Harvey proposing ‘world-class’ plant


Precision toolmaker Harvey Performance Company of Rowley, Massachusetts, plans to build a facility off Narragansett Street covering nearly two acres on a portion of the vacant, 62-acre race track owned by Shawn Moody’s company.

“A world-class plant that Gorham can be proud of” is how Garth Ely, vice president of marketing for Harvey Performance, described the project this week.

Ely declined to disclose an estimated cost.

The public will hear some early details of the company’s plans at 5 p.m. on Thursday, Dec. 6, at Moody’s Collision Center, 200 Narragansett St., in Gorham. Ely said the meeting would be a “low-key event.”

He confirmed that plans call for a building with 76,000 square feet and 170 parking spaces. Ely said the building would be a single-story, 25 feet high.

“We have seen preliminary plans. In general, it looks like its good to go,” Gorham Zoning Administrator David Galbraith said this week.

Harvey owns the building that houses its Helical Solutions plant in Gorham Industrial Park and that business would be relocated to the new facility. There will be 80 to 100 employees on the job when the new building launches, Ely said.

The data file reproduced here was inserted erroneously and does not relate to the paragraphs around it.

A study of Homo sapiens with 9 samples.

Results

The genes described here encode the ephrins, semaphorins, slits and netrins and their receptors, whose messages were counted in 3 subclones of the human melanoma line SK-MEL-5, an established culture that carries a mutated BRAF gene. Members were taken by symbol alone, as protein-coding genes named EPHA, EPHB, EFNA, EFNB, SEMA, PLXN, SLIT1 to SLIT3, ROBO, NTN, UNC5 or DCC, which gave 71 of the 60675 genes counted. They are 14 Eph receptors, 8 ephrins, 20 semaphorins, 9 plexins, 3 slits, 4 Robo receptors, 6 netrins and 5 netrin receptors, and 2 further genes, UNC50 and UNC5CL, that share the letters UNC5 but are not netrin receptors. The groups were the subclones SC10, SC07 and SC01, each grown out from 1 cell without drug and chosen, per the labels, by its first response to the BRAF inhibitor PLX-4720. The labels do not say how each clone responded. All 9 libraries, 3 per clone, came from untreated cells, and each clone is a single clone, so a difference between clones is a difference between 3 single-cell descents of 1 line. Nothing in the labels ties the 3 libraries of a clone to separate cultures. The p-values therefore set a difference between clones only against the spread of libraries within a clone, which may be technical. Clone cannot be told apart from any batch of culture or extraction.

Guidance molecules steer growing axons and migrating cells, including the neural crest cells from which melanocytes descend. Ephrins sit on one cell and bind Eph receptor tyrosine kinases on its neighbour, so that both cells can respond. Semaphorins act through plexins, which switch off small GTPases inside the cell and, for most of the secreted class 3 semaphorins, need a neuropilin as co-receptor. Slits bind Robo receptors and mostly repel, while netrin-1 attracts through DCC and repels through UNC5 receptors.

“We’ve been experiencing some strong growth,” he said.

The company makes products for specialty needs and markets in the manufacturing and cutting tool industries.

The company’s headquarters, Ely said, would remain in Rowley, Massachusetts.

Ely said the company wanted to expand in Gorham to retain employees. It mapped employee commute times and found the new location would minimize the impact on employees, he said.

The company, Ely said, also wants to sustain its strong relationship with Gorham. “We’re really excited,” Ely said.

The project needs local and Maine Department of Environmental Protection approval. Galbraith said construction could begin in the spring. “This is the exact kind of business I want to keep in town,” he said.

The race track, located in the Narragansett Development District, is served by public water and sewer. Galbraith hopes that a natural gas line would be extended along Narragansett Street and added test borings are under way.

The former race track is situated just westerly of the roundabout that links Narragansett Street (Route 202) with the Bernard P. Riness Bypass.

Town government for years has hoped to attract businesses for the district, and  Galbraith called the Harvey project a catalyst for landing similar businesses.

The Town Council in October amended zoning rules in the district to allow for a variety of commercial and light industry along with residential units on floors above businesses. Buildings could be up to 50 feet high.

Robert Lowell can be reached at 780-9089 or rlowell@keepmecurrent.com.